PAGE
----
Malaysiakini News

KLIA2 fee hiked to cover sky high cost overruns?

Tony Pua  |  Published:  |  Modified:

MP SPEAKS | Earlier this month, it was announced that the passenger service charge (PSC) for international flights, excluding Asean, operating at KLIA2 would be increased from RM50 to RM73 per passenger. The move by the Malaysian Aviation Commission (Mavcom) has drawn the ire of users of KLIA2, including the airport’s main airline AirAsia.

The PSC increase, which comes into effect on January 1, 2018, will likely lead to an increase in airfares for flights using the supposedly low-cost terminal. Mavcom’s rationale for the increase is to equalise the PSC between KLIA and KLIA2 because they view the two airports as providing a similar quality of service.

However, anyone who has used the two airports would know that the level of service provided at the two airports is far from the same. For passengers, this includes the long distances that need to be covered by foot when using KLIA2. The check-in area at KLIA also has more space and counters compared to the newer KLIA2, even though the latter was designed for a higher passenger capacity of 45 million people per year compared to KLIA’s 30 million people per year.

Airline operators also face similar inconveniences, including a greater distance to the KLAS Cargo and catering building, which are now 10km away being at KLIA. The construction of KLIA2 was already controversial at the start, with problems such as sinking soil, which has caused alarming depressions on the aprons and runway, while damaging fuel supplies at the airport.

With all these problems plaguing KLIA2, it boggles the mind how Mavcom has decided to treat the airport as an equal to KLIA, and in doing so, make passengers at the lesser airport bear a greater cost.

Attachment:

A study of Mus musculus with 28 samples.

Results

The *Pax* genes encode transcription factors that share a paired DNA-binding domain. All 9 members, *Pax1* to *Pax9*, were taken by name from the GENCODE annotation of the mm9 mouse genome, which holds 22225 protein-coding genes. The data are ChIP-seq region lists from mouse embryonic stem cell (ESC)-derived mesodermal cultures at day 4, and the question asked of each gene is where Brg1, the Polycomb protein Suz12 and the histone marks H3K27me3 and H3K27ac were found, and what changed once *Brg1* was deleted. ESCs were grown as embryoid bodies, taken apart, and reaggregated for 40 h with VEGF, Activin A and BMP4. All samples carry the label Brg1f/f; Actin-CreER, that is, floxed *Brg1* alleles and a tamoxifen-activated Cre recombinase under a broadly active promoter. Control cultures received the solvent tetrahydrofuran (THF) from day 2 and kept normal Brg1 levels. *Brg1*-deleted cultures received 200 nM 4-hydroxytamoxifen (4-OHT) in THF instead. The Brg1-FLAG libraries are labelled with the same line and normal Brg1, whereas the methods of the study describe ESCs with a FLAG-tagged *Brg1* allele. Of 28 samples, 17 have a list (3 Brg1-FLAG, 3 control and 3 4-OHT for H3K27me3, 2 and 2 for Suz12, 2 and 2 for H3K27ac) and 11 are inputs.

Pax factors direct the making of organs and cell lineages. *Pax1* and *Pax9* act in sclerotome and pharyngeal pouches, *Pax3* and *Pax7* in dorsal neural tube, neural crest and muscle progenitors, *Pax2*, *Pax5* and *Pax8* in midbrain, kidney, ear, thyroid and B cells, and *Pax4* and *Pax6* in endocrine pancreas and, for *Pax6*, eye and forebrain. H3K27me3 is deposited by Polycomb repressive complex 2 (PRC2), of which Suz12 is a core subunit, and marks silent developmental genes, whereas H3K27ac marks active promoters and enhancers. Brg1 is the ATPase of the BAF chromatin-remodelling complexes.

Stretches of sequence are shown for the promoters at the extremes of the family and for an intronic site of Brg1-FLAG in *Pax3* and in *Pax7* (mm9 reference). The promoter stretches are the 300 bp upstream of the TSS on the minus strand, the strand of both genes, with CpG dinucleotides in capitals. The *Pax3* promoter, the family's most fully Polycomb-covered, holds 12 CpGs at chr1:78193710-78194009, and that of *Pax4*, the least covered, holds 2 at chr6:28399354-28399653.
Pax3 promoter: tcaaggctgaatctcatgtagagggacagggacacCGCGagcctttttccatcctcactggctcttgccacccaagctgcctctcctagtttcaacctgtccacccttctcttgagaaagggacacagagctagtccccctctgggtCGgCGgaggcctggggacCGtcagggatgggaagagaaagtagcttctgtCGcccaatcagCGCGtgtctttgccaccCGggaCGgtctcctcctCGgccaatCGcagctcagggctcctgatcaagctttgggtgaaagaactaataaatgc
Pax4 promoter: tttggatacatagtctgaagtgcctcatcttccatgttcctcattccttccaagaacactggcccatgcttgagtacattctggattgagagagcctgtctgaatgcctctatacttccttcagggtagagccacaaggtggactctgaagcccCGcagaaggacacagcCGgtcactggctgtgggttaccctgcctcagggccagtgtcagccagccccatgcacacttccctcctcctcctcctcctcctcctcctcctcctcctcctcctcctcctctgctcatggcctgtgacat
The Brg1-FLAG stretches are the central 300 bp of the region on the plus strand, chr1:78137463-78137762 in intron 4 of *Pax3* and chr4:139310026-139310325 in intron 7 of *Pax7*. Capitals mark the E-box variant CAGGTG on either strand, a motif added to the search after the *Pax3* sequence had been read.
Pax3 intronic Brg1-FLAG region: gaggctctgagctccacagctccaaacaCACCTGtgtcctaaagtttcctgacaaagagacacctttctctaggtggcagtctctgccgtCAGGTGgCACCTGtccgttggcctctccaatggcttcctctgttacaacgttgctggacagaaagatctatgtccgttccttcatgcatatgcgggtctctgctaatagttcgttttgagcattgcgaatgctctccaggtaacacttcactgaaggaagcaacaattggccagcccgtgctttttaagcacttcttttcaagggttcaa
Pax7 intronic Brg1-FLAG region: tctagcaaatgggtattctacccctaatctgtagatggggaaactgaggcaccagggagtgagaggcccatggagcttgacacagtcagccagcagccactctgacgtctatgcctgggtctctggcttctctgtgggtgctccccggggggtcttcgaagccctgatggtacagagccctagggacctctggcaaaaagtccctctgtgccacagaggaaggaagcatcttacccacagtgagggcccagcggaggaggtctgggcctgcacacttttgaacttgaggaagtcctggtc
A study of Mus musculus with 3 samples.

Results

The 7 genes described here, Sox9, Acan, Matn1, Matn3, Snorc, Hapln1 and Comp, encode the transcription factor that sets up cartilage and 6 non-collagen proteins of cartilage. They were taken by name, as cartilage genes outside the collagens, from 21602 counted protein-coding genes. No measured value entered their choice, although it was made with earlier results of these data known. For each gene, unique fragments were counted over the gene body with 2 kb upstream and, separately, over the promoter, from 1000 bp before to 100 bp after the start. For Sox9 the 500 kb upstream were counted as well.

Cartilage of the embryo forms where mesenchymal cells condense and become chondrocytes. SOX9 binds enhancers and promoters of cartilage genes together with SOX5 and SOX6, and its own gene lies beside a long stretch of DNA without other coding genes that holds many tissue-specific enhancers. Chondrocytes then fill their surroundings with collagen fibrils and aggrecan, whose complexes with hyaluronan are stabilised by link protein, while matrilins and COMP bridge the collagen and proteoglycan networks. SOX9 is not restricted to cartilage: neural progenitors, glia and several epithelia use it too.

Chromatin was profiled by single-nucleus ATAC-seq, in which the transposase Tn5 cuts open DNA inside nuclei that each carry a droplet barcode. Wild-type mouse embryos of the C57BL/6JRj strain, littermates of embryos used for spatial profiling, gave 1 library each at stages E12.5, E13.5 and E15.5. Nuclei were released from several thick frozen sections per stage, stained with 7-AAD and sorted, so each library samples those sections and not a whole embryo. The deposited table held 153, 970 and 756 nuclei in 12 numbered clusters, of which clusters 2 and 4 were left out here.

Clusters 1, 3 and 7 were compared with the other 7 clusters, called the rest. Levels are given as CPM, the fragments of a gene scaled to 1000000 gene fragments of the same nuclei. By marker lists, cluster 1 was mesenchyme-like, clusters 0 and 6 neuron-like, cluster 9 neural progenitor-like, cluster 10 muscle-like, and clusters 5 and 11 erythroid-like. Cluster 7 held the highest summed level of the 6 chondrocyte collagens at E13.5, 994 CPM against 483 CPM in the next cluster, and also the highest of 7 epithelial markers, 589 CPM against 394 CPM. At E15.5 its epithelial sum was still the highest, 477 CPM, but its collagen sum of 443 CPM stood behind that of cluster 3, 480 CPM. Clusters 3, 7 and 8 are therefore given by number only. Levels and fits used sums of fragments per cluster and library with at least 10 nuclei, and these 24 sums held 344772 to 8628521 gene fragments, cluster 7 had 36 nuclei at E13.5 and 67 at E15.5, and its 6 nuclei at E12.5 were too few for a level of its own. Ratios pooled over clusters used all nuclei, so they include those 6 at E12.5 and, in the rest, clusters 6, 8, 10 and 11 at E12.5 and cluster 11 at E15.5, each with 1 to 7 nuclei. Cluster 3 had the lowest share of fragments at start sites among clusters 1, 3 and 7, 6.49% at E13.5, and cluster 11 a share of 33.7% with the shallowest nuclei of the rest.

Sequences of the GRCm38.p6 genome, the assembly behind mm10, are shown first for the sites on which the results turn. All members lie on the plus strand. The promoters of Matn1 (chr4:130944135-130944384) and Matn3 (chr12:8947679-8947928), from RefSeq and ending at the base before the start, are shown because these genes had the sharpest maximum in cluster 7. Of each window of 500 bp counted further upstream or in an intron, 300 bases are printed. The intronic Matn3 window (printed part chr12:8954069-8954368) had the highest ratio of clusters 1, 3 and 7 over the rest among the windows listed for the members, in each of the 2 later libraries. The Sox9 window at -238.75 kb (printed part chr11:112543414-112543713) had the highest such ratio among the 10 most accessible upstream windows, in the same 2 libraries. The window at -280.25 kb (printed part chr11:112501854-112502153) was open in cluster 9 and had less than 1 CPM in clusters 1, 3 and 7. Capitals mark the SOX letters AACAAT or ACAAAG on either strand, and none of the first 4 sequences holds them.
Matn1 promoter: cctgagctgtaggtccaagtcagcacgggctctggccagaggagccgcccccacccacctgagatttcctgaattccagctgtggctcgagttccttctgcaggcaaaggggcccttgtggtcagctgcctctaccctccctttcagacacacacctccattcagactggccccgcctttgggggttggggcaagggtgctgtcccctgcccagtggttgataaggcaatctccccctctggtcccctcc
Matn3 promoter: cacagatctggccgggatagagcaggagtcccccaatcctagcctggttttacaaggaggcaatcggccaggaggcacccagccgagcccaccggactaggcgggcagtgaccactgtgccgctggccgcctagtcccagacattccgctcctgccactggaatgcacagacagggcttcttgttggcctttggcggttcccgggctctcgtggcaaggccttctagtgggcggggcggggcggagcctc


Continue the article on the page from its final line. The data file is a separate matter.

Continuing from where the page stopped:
Sky high budget

The real reason for the increase in PSC lies in the astronomical cost over-runs that came with KLIA2. The airport which was built and is operated by Malaysia Airports Berhad (MAHB) started off with a budget of RM1.7 billion in 2007 and wound up costing well-above RM4 billion. Worse, the ‘low-cost’ terminal was completed more than two years later than scheduled.

Back in 2012, when I raised this issue in Parliament, the then deputy transport minister said that the increased costs would not be borne by the government, but would instead be fully borne by MAHB through their issuance of sukuk bonds. MAHB had borrowed RM5.6 billion through various bond issuances to fund the airport.

In 2014, I protested that MAHB’s borrowing spree to fund these increased costs had led to the company facing increased financing costs. An analyst’s report on MAHB at the time had suggested that without a price hike to the PSC at KLIA2, MAHB would not be able to meet its debt obligations, which kick in beginning 2023.

The chief financial officer of MAHB then had assured the public accounts committee (PAC) who was investigating the KLIA2 project at the time, that MAHB does not need to raise the PSC to meet its debt obligations. However, it is clear today that the senior management of MAHB had lied to the PAC to absolve themselves of responsibility towards the drastic increase in the cost of construction of the new terminal.

The government may not have lied when it said that government funds would not be used to bear the extra costs of KLIA2, but it did conveniently hide the fact that passengers would be picking up the tab through its increased PSC.

It is clear now that the PSC hike announced by Mavcom could be coming in to ensure that the government does not have to bail out MAHB if it fails to meet its debt obligation. Worse, the massive hike of the PSC at KLIA2 will significantly jeopardise Malaysia’s strategic competitiveness as the hub for growing low-cost airlines. This will, in turn, hurt our tourist arrivals and economy.

Therefore, we call upon the government to review the decision to penalise KLIA2 passengers with higher fees without any corresponding increase in the quality of facilities and service.


TONY PUA is Petaling Jaya Utara MP and DAP national publicity secretary.

The views expressed here are those of the author/contributor and do not necessarily represent the views of Malaysiakini.